The FDA and pharmaceutical companies have employed a number of methods to thwart counterfeiters—yet scammers seem to have no trouble keeping up.

By Meera Lee Sethi // Spring 2011

The FDA employs visual and microscopic analysis of the “punch marks” found on tablets—telltale ridges and grooves left by the machinery that manufacturers use to press pills—to detect a slew of counterfeits.

1989:

GlaxoSmithKline uses tamper-proof holograms as an anticounterfeiting measure on its best-selling drug Zantac. The devices soon become an industry standard.

1999:

Researchers find crudely faked holograms on counterfeit antimalarials in Southeast Asia.

2004:

The FDA encourages drug companies to add RFID tags to medications.

Pfizer starts printing some logos with color-shift ink (also used on many banknotes), which make them change from purple to blue when viewed at different angles.

2006:

Oxycontin, Viagra and the HIV treatment Trizivir become part of a few pilot RFID drug-tagging programs launched by pharmaceutical companies. (Widespread RFID implementation remains elusive to this day because of cost concerns and the requirement for the system to be adopted universally from manufacturer to pharmacy.)

2007:

Scientists develop “portable chemistry labs” and handheld mass spectrometers that can analyze the composition of medications anywhere, anytime.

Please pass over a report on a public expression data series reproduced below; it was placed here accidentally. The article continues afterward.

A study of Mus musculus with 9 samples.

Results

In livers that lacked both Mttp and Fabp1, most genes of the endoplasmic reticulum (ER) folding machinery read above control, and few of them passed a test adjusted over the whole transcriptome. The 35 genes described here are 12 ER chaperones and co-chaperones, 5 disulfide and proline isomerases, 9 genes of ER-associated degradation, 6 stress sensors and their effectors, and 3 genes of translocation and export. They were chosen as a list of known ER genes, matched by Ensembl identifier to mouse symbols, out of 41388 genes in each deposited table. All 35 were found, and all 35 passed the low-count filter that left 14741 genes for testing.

In Ghana a service launches to allow patients to authenticate drugs by using their cell phone to text a code on the bottle to a toll-free number and waiting for verification. Similar measures have since been adopted in India and Nigeria, among other places.

2010:

Pfizer finds fake drugs with color-shift logos so realistic that its lab can’t distinguish them from the real ones. It stops using the feature.

2011:

TruTag Technologies makes 100% edible microtags from silicone wafers; placed on individual tablets or caplets, the tags can be scanned by an optical reader through a blister pack. As many as a trillion unique tag patterns are possible.

2015–2017:

California to begin implementing “E-Pedigree” laws that require drug manufacturers, wholesalers, repackagers, pharmacies and pharmacy warehouses to use electronic records tracking in every transaction that involves a prescription drug.